11 August 2009

Banking for baby

Storing stem cells from the umbilical cord is growing in popularity, as an increasing number of research studies point to the future potential of these cells. Here's how it works.

Storing stem cells from the umbilical cord is growing in popularity, as an increasing number of research studies point to the future potential of these life-giving cells.

What's more, stem cells are abundant in the umbilical cord and placenta, and since these are discarded after birth, their use isn’t controversial.

Many South Africans are already making the investment to ensure the future health of their children.

"When I was pregnant with Jack in 2002, I subscribed to an American pregnancy newsletter by email," recalls Renee Moodie, senior journalist at Independent Online. "It carried ads for stem cell banks – so I knew the possibility was out there but the cost of doing it via an American cell bank was out of my reach. Then I heard you could do it locally and we decided to go for it."

Renee and her husband Bob felt that storing umbilical cord blood was a kind of insurance for the future. "We know that there’s not a lot of work being done in South Africa on the use of stem cells – but what if, in some awful future, our Jack gets sick and a new use of stem cells could save him?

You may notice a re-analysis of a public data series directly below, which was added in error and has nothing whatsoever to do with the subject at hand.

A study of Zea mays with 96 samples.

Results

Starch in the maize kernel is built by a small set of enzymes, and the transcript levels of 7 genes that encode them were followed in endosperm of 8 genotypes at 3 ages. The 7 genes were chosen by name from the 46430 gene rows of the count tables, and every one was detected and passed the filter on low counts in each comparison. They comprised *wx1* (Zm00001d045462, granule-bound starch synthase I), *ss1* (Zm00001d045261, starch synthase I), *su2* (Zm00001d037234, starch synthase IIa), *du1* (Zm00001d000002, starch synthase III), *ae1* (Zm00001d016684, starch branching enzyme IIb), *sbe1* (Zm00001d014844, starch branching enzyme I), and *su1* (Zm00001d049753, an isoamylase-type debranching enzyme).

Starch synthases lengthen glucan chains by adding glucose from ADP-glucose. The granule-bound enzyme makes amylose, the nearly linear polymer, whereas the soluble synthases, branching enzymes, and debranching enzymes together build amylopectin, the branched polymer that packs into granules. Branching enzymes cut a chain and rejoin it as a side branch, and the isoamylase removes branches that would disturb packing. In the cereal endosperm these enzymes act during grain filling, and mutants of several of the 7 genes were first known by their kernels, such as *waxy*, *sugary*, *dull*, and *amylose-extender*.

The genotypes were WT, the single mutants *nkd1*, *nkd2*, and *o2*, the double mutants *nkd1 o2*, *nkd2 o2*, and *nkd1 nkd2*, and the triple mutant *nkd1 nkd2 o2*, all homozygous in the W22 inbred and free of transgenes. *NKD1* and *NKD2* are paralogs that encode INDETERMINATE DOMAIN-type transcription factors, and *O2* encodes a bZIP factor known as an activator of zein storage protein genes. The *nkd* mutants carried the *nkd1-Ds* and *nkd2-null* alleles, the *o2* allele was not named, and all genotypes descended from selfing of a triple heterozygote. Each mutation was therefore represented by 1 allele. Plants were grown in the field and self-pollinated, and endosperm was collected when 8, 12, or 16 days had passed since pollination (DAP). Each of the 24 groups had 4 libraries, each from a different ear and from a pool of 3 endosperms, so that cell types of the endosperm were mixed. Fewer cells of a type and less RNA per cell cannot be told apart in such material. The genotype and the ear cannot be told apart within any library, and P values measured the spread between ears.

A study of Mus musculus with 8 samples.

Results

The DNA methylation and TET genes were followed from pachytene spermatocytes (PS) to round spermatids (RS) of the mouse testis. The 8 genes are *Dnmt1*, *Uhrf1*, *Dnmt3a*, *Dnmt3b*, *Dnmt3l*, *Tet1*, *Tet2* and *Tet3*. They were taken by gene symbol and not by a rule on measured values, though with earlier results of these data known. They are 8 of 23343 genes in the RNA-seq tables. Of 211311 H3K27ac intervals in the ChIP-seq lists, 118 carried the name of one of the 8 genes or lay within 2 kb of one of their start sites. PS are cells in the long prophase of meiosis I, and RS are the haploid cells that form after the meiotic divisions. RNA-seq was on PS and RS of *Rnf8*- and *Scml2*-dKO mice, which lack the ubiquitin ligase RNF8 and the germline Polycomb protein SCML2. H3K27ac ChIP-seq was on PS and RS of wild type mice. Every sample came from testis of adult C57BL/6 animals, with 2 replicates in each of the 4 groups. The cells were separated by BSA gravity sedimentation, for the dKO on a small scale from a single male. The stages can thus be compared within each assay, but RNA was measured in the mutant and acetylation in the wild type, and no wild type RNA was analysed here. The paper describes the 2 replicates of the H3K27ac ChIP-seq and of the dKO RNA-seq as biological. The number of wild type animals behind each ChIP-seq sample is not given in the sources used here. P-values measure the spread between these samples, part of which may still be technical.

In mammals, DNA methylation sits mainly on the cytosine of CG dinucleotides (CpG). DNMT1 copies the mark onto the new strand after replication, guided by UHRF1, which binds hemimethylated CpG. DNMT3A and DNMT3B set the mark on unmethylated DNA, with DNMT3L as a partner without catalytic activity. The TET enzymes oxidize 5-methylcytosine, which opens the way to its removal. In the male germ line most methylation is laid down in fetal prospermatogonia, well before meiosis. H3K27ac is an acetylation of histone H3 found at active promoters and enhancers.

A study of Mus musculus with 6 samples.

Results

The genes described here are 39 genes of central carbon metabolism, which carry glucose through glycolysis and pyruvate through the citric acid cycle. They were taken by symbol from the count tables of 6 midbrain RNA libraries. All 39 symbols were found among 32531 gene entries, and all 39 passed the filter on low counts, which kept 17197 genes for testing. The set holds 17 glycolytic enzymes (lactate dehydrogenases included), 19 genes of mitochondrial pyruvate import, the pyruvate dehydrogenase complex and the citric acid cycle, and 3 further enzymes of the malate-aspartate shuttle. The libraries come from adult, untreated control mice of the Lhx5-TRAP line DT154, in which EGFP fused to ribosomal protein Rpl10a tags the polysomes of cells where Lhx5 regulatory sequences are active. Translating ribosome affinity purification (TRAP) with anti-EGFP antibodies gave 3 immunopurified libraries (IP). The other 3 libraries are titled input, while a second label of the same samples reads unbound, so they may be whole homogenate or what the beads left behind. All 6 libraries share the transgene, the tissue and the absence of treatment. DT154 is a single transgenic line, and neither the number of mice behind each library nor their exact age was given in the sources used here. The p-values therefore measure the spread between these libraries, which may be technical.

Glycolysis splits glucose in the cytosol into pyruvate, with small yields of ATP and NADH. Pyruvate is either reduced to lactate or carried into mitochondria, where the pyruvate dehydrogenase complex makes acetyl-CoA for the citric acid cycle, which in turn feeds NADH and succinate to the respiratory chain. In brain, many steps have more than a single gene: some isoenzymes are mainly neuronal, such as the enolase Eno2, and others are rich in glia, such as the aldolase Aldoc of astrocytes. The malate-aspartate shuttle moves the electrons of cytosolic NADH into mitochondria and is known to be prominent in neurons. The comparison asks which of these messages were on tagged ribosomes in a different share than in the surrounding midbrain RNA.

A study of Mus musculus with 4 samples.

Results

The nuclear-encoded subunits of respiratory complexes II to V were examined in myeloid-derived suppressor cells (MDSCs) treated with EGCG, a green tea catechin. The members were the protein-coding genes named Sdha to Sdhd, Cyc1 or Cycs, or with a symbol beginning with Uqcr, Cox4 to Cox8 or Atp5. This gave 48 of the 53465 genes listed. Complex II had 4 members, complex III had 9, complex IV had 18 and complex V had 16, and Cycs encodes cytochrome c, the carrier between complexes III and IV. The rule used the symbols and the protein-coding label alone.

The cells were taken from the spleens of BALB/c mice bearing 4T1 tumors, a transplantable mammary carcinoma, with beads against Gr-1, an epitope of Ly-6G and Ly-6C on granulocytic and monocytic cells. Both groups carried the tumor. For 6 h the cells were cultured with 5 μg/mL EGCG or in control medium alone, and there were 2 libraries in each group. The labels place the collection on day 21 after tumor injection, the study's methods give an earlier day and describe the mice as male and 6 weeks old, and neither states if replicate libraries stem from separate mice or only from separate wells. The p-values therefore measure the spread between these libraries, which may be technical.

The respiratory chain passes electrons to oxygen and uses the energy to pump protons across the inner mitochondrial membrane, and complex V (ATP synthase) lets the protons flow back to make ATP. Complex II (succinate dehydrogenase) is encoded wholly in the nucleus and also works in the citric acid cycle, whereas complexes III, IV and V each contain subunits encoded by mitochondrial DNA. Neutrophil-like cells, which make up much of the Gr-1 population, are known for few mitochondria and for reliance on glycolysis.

"If that happens, we have them sitting safely in a bank. And at the time, the whole thing cost about R9 000 – the exact amount of money I had sitting in some under-performing unit trusts. It just seemed a no-brainer to me."

How it works
Stem cell banks, of which there are two in South Africa, are specifically aimed at storing cells from the umbilical cord for private clients.

The moment your baby is born, blood is taken from the umbilical cord and placenta. Stem cells are then extracted, cryogenically frozen and stored in the bank as a form of ‘biological insurance’. If, in its lifetime, the baby or a close family member develops a disease that can be cured by means of stem-cell transplantation, there will be a good supply of stem cells at hand.

“But this is only half the story,” notes Prof Michael Pepper, Extraordinary Professor in Immunology at the University of Pretoria's Faculty of Health Sciences. “What South Africa really needs at this stage is a public umbilical cord blood bank. It’s a social responsibility that must be combined with the freedom of choice afforded by the private banks. God willing, a public bank may soon see the light of day.”

Stem cells from the umbilical cord are naturally a perfect match for the child. The chances of a match with close family members are also relatively high:

For information, call Netcell Therapeutics on 0861 NETCELLS (0861 638 2355) or 011 301 0000.

[This is an extract from an article by Health24's Carine Visagie as it appears in the launch issue of NETCARE magazine, May 2008. The online version was updated in August, 2009.]

Read more: Stem cells - hope or hype?